We rent Earth we don't own it
One of the most forbidding obstacles to a climate-secure future is modern finance.
For anyone not savvy about stocks, bonds, currencies and asset classes, finance can be all-so-much mumbo jumbo. It’s a secretive, vast Black Box. And yet, our society turns on it.
Contrary to that old ditty, money makes society go ‘round, not the world. The Earth spins quite nicely on its own, whether there is a viable environment to support a money-driven society or not.
So, we have an unnatural problem and we’re loathe to screw with it. We are converting nature into dollars without calling it for what it is – a debt to nature. That has dire implications for future generations.
A Bank of Nature can be one fix.
But first some rationale…
Finance is a social construct. It isn’t a fact of nature – like gravity or photosynthesis or tidal changes. It exists because we agree to the “story of finance”.
Wealth, by extension, is also a social construct. Money is a foundational social construct. We agree that a $100US bill is just that: Worth 100 $1US bills, or 20 lattes, give or take.
You don’t have to be a finance guru to know that’s already problematic. The status quo isn’t going to change the extractive ways of modern society – drilling for fossil fuels, clear cutting old growth forests, overfishing, to name a few – because it’s a risk to wealth creation. It’s a risk to the story of finance.
Take, for example, the big banks.
On one hand, they talk of “transitional risks” to capital (that’s the flow of money) from climate change, which is exacerbated by the burning of fossil fuels. They create Environmental, Social and Governance (ESG) funds to appeal to investors with a conscience. These funds buy and sell shares and other financial instruments with other buyers and sellers, based on news (or rumors) of increasing or decreasing value of the shares of companies in the fund.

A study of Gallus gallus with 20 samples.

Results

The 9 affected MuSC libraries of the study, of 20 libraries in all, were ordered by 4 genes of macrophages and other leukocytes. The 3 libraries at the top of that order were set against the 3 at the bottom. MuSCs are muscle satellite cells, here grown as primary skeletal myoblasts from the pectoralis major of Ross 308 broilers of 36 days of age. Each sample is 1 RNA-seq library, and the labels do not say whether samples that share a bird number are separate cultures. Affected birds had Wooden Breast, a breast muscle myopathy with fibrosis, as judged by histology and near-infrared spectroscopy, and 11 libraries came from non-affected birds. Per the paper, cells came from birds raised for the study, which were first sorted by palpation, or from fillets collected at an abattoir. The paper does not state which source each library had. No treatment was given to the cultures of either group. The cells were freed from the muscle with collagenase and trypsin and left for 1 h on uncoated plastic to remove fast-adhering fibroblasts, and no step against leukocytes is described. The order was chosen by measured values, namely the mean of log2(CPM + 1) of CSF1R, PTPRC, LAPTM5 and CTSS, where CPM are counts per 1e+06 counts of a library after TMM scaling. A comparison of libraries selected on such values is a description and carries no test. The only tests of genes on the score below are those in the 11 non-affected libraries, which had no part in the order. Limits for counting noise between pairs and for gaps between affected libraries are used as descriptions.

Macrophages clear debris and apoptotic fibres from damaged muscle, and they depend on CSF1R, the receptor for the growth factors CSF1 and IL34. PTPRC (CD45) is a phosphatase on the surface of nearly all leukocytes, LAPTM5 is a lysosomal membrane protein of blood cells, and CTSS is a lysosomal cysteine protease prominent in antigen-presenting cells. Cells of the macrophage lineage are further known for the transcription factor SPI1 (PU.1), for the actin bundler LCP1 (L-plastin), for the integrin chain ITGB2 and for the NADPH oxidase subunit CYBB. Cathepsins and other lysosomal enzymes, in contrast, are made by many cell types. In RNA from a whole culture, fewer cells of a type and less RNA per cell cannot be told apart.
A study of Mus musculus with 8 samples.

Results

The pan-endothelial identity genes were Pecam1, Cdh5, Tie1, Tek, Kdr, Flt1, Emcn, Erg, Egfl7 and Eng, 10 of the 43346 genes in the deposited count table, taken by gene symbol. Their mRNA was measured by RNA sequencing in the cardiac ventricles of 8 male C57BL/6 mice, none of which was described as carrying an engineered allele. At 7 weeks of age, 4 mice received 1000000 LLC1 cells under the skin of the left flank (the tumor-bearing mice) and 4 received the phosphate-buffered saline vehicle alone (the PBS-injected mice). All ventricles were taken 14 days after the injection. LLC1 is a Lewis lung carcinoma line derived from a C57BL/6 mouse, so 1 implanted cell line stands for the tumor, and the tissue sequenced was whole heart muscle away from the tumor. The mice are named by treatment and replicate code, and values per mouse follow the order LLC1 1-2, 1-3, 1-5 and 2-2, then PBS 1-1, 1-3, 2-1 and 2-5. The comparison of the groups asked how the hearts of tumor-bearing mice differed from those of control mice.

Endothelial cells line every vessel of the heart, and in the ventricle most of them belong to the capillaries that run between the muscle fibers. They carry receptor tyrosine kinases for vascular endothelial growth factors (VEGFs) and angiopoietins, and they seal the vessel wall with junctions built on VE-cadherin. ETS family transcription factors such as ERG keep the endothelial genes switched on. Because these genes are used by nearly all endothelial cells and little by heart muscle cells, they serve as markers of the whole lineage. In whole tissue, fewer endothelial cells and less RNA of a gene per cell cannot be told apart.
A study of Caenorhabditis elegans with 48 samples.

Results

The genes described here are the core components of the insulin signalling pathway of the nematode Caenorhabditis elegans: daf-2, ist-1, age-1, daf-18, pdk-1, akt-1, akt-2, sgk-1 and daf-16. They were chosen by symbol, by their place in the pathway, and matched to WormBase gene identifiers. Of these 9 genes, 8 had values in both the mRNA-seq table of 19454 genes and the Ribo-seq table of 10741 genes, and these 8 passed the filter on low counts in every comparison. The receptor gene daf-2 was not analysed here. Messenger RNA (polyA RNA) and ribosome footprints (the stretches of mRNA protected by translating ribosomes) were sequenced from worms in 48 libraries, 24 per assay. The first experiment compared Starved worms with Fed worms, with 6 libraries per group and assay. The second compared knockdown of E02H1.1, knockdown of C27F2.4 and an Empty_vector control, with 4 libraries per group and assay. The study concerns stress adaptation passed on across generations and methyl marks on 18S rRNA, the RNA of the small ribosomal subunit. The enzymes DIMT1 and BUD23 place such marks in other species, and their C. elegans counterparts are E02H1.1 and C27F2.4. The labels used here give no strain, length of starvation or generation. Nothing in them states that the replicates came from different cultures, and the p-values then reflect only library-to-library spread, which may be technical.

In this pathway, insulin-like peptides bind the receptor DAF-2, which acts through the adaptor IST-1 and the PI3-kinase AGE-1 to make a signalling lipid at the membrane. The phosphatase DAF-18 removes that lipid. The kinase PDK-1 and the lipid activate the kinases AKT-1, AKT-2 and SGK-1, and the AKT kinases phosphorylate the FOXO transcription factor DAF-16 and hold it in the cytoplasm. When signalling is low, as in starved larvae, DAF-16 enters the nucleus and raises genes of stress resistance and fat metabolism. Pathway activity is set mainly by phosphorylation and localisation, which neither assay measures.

You’ll find companies dedicated to solar energy in funds like these and you’re unlikely to find companies that, say, make weapons in these funds.
The funds themselves do nothing to drive the fortunes of the actual companies in those portfolios. Those funds are social constructs based on social constructs designed to make more money – which is, say it now, a social construct.
These funds – that show up at your local bank or in your pension fund -- are designed to make money off of climate change without directly working to relieve us of the threat.
On the other hand, the big banks (along with bonds, which are essentially tradable loans) represent 90% of new capital (that’s the flow of money as an investment) going into companies that actually still explore and drill for more fossil fuels.
This is money that directly facilitates the extraction of carbon threats that the ESG funds are designed to sidestep.
So, the banks have it both ways. They look like they are socially responsible and climate friendly, but they are the main drivers of climate-busting activities.
We’ve known of the dangers of Anthropogenic (human-caused) climate change for decades, even more than a century from some early, obscure scientific visionaries. We’re already experiencing climate change in storms that are more severe or more frequent or droughts that are even dryer and longer lasting. It’s happening, but modern finance – with all of its reach as a mainstay of modern culture, for good or ill – is continuing to allow climate-busting activities to happen.
Scare tactics, generational shaming, and even climate-related loss of life have not changed the status quo. In fact, we should just accept now that sacrificing the status quo is a non-starter, even as it diminishes the abilities of future generations to thrive.
A Bank of Nature is a concept that can be applied to the status quo as a way of balancing our modern society’s relationship with the environment. We withdraw natural capital to create our modern society. A Bank of Nature acknowledges and makes good on our debt to Nature.
A Bank of Nature allows for companies and societies to grow and renew because it allows our natural capital (the valuation of a natural resources) to be grown and to be renewed.
Human-accelerated climate change, which is the sum of all the externalities created by society, is a cost of maintaining the status quo.
Externalities, for the uninitiated, are the side effects of industrial or commercial activity that negatively impact other parties without being built in to the cost of the good or services provided. Think air quality from smoke stacks, or river effluents from production plants, among the industrial tradeoffs in which nature gets shorted.
What if those externalities were converted into rents or mortgages to nature, where nature collects a dividend?
Sure, this puts every manufacturer into debt to nature, instantly, but then we know the true cost of our society. Why are these valuations propped up artificially in the first place?
We’re bound for a price correction when we account for stranded assets (those mineral reserves still the in the ground, but driving the valuation of resource companies).
A Bank of Nature would be a place to start to acknowledge that we only rent Earth, we don’t own it.